By Jef With One F
By Rocks Off
By Chris Lane
By Angelica Leicht
By Corey Deiterman
By Angelica Leicht
By Corey Deiterman
New Orleans's jukeboxes still force locals to memorize lyrics to schticky Morning 40 screamers like "Gotta Nickel": "You gotta nickel? / I'm looking to get pickled / gonna buy a fifth of liquor and a Snickers bar-er-ar!" But things are a little different now.
Saxophonist Josh Cohen and trombonist Space Rickshaw began at a crappy Ninth Ward dive, The Hi-Ho Lounge, testing how drunk they could get and still maintain a grip on their minimal musical powers. The Morning 40 Federation was, supposedly, awesome fun though. Fun being all New Orleans wants or needs -- the party does get a little shallow sometimes. But the 40s' skills finally caught up to their popularity when the band added guitarist Ryan Scully as secondary frontman and hired the tougher, tighter rhythm section of Mike Andrepont and Steve Calandra.
I always assumed that, in New Orleans's small pond of carbon-copy jazz, blues and funk, the 40s were probably being given more credit than they deserved. I boycotted them for years before breaking down and attending a Decatur Street gig, coincidentally during my annual, self-imposed 30 days of sobriety following Mardi Gras (not Lent exactly, more like just a good idea). And I did, as if on purpose, have less fun.
But the band was undeniably hot. Lead guitarist Bailey Smith had obviously absorbed fuzzbox dependents Dinosaur Jr., Mudhoney and Afghan Whigs (head Whig Greg Dulli even wrote the liner notes for the 40s' new Ticonderoga album). All six scruffy men screamed together wildly, with drunken camaraderie. The trombone and saxophone did indeed lend the 40s more originality, punch and New Orleans energy. Tattooed girls bouncing on the bar fell out of their tank tops, and everyone but me shared a wild dance party, screw Lent.
Outside of the Crescent City, though, the 40s are usually seen as just another touring band. "We've had some really crappy tours," Smith admits. Almost a year after Katrina, however, with only two weeks' notice, the 40s' M80 record label was able to book the band a three-week West Coast tour with guarantees at The Viper Room, The Boom Boom Room and every other California hole in which any band would love to play. While M80 and the 40s' PR company don't mention Katrina in the same breath as their band, it seems that, for once maybe, being from the Ninth Ward might be helping someone.
"We've made a conscious effort not to exploit the situation to our gain," asserts Smith. Wise, considering their insane luck: All six members lived on the small, undamaged slice of New Orleans -- what some locals call "The Isle of Denial" -- in the Nine's last few inhabitable blocks. Their particular neighborhood, The Bywater, hasn't seen flood water in over 200 years. Property owners Scully and Cohen suffered relatively minor wind damage. Incredible odds in a city where most residents lost something, if not everything.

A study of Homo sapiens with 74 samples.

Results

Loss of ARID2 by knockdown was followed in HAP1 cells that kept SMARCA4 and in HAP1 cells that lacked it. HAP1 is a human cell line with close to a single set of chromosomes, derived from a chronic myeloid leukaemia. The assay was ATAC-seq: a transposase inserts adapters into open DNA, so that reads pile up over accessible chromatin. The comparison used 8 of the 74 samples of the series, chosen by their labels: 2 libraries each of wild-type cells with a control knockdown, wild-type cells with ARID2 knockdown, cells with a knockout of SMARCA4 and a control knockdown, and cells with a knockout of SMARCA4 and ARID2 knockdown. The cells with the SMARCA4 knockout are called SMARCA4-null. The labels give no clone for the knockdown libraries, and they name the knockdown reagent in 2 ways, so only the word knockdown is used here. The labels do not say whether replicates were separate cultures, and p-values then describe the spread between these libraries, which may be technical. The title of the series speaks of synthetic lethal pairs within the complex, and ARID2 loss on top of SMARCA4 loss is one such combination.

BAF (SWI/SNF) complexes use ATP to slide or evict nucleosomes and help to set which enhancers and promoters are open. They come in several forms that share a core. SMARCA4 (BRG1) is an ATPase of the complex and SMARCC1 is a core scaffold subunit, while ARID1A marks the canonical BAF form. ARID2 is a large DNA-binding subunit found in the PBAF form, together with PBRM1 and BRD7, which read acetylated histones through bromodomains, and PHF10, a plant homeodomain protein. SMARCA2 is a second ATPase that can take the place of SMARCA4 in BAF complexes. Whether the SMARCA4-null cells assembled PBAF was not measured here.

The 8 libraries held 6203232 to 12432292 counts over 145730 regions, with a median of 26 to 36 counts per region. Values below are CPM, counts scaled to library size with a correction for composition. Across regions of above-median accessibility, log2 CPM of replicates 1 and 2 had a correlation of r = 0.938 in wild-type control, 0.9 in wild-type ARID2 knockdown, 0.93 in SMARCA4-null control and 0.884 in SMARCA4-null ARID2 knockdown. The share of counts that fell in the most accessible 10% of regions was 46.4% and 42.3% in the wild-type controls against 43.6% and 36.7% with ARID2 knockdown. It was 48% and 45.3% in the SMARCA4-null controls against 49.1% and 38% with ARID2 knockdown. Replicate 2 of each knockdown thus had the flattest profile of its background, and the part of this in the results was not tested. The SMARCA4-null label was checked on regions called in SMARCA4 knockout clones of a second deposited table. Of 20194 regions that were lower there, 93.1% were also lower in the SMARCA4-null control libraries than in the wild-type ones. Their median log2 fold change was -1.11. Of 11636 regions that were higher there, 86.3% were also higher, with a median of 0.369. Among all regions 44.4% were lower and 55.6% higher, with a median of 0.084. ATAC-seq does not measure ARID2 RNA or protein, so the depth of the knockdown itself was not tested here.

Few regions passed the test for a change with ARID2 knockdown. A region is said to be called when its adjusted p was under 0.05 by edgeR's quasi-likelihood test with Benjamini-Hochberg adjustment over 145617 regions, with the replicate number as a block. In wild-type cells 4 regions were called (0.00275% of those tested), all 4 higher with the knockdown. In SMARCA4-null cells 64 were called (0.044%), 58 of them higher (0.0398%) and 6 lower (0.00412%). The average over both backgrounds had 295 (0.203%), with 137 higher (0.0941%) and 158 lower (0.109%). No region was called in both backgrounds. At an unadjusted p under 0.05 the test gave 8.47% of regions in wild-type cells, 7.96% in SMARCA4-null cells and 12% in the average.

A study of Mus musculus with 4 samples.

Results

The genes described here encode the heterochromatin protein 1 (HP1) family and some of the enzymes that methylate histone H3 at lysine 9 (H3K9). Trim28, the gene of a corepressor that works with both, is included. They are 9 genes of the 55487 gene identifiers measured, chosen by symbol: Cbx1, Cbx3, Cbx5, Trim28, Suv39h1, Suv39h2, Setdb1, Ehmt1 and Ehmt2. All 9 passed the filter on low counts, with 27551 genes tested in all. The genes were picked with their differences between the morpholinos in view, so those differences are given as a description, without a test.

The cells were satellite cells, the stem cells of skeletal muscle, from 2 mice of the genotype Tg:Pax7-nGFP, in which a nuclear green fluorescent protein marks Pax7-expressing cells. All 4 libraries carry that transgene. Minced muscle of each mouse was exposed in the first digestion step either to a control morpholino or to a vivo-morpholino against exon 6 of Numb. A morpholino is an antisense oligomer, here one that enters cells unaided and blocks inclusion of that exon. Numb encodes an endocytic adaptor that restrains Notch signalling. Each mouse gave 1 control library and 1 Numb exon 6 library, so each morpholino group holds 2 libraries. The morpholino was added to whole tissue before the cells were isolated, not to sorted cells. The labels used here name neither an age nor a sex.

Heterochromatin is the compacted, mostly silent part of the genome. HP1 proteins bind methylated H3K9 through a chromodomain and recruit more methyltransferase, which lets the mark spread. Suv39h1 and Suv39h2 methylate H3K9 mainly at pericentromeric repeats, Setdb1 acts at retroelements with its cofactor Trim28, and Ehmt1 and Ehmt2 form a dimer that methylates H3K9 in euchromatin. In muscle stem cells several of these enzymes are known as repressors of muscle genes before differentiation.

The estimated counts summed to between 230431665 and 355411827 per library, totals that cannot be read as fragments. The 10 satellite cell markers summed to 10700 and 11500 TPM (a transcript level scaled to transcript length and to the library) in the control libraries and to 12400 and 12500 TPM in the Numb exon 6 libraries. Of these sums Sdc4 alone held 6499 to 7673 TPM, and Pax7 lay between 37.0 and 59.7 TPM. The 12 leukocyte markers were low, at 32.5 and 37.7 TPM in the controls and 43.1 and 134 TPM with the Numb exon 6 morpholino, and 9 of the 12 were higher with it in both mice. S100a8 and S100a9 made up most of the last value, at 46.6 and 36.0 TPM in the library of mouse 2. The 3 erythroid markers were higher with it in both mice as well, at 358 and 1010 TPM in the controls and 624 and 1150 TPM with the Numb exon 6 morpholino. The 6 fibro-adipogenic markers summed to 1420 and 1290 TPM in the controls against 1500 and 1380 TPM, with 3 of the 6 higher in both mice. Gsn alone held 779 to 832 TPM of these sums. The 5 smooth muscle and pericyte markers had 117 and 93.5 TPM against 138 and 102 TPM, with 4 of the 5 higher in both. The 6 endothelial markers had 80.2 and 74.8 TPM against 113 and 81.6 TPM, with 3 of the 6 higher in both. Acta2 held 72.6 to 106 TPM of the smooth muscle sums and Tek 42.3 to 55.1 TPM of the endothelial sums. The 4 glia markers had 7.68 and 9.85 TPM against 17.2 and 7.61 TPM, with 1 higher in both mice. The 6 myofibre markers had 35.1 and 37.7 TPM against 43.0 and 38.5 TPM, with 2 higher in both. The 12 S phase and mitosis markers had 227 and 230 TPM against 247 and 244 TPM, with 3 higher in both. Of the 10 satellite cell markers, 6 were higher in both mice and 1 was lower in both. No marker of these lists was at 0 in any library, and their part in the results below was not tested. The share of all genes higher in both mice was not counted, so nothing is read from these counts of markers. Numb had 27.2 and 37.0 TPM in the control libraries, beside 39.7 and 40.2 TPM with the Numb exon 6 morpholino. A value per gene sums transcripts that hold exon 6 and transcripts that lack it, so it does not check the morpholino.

"Before Katrina, this album was going to be called God Help Us," Scully claims, aware that his band's long-held thematic fixation may now draw criticism from the uneducated. "But, after all this shit, God Help Us would've just sounded too..." Scully shakes his head with confused sobriety. "We changed the name to Ticonderoga on a linguistic lark, we just liked it phonetically. But then it turns out, 'ticonderoga's' an Iroquois word meaning 'a body of land between two bodies of water.'" When asked about Ticonderoga's cover art, which combines what have become Hurricane Katrina's two major symbols -- a dead refrigerator, painted with the National Guard's cryptic X -- Bailey shrugs and says, "If this shit is all around you all the time, though, you can't just ignore it." Produced by Mark Bingham (sometime arranger for R.E.M.) at his Piety Street studios, Ticonderoga features perfectly ragged, interwoven guitars, Bingham's found-sound wizardry and not one flood anthem.
Scully also recently produced four new songs, with the 40s backing 70-year-old, X-rated R&B singer and legendary producer Andre "Mr. Rhythm" Williams. "Andre opened for us in the Quarter on New Year's Eve," Scully recalls. "At the end of our set, he sang four songs of his that we'd learned. Then, later we were up partying in the neighborhood till like four in the morning, and Andre and I were just going back and forth, fucking around, and I had this little tape recorder -- I might have even gone home and gotten it, actually -- I filled up an hour's worth of tape. There were like four pieces of actual tunes on there. So, I built riffs around Andre's words. When I played them for Andre, he, of course didn't remember the songs." Songs that have nothing to do with New Orleans, such as "Don't Take 'Em Off, Just Pull 'Em Down." Enough said.